The user guide: Chapter 4. Using the Gradle Command-Line
has some serious flaws:
Figure 4.1 and Example 4.1 define a build.gradle file with four tasks:
In Example 4.8 it suggests:
description = ‘The shared API for the application’
And then shows output with a “dists” task under build. But notice at no point have we declared dists. To me that means I’m suppose to add the description to the existing build.gradle from before to get Example 4.9 output (but dist should be dists).
Example 4.10 now provides a dists, but since we called it dist before it is very confusing.
In general all samples in the user guide are self-contained although this chapter does at times imply that subsequent examples build off each other despite that not being the case.
Example 4.8 is a bit confusing, it’s actually adding the description to the project not a task, so it is in itself a completely valid build script.
it seems pretty clear that the “dists” task referred to in the output of example 4.9 refers to the task that was named “dist” in example 4.1, and also referred to as “dist” in several examples after that.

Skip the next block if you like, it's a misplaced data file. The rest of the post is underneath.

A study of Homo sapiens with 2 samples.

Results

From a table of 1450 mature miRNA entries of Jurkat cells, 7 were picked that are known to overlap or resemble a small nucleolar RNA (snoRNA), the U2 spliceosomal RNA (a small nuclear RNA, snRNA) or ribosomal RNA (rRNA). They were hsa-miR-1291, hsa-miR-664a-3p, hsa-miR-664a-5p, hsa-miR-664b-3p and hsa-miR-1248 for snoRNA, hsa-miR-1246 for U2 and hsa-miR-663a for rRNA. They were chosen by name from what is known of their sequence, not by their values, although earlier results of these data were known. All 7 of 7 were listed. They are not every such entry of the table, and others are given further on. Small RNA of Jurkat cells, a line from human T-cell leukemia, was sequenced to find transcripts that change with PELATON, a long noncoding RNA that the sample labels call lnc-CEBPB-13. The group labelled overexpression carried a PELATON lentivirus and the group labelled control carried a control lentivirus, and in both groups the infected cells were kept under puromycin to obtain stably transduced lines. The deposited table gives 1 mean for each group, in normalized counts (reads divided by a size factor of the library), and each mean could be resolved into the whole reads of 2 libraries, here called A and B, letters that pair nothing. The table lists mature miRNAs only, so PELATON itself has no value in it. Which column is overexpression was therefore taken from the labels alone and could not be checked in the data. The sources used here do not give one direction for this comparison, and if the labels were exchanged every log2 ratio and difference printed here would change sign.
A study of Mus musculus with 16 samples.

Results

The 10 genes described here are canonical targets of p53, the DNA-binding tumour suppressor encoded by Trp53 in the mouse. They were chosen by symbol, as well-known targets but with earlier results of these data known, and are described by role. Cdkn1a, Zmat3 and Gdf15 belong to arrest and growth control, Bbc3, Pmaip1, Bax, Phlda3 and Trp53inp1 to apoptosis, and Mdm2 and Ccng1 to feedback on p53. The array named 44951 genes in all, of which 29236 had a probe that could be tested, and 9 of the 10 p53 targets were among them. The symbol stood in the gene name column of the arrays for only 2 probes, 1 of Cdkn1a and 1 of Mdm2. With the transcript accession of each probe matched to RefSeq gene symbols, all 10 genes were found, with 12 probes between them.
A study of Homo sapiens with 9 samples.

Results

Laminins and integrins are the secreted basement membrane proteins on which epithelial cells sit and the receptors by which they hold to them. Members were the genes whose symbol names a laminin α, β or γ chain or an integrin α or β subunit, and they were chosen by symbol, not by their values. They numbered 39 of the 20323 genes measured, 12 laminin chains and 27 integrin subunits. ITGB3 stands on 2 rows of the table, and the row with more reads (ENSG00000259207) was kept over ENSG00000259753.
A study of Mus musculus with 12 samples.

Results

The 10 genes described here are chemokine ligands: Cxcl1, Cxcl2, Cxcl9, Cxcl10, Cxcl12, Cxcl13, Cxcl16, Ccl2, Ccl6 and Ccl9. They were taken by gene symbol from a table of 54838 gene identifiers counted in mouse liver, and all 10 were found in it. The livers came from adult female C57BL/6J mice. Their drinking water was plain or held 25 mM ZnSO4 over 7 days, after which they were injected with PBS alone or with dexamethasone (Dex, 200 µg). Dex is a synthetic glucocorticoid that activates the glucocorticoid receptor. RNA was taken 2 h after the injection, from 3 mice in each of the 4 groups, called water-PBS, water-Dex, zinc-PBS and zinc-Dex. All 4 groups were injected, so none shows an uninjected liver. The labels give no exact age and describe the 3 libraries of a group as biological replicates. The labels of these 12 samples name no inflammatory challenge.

I’m not sure why you mention example 4.8. I would think that would be fine either standalone, or somehow added to the previously mentioned build.gradle file.
Example 4.10, as the OP mentions, just has a block named “dists”, which doesn’t make sense. If this was instead “task dists”, this would at least be a syntactically valid way to set the properties for a task named “dists”, if we weren’t working, as implied, from an initial build script with a task named “dist”.
Would just renaming this to something more unique make it more clear that this is a completely different build? The ‘compile’ and ‘libs’ task are also not mentioned at all in previous examples so I think the intent there was to convey this is a different build.
Certainly making them completely different would resolve that. That would be a potentially simple fix. However, there is a lot of value in presenting sample output in the doc that the user could easily get on their box, if they made the incremental changes described in the doc. When it’s practical to present an example that uses a “growing” code sample, you get much better learning.
This still doesn’t address the issue in example 4.10, however.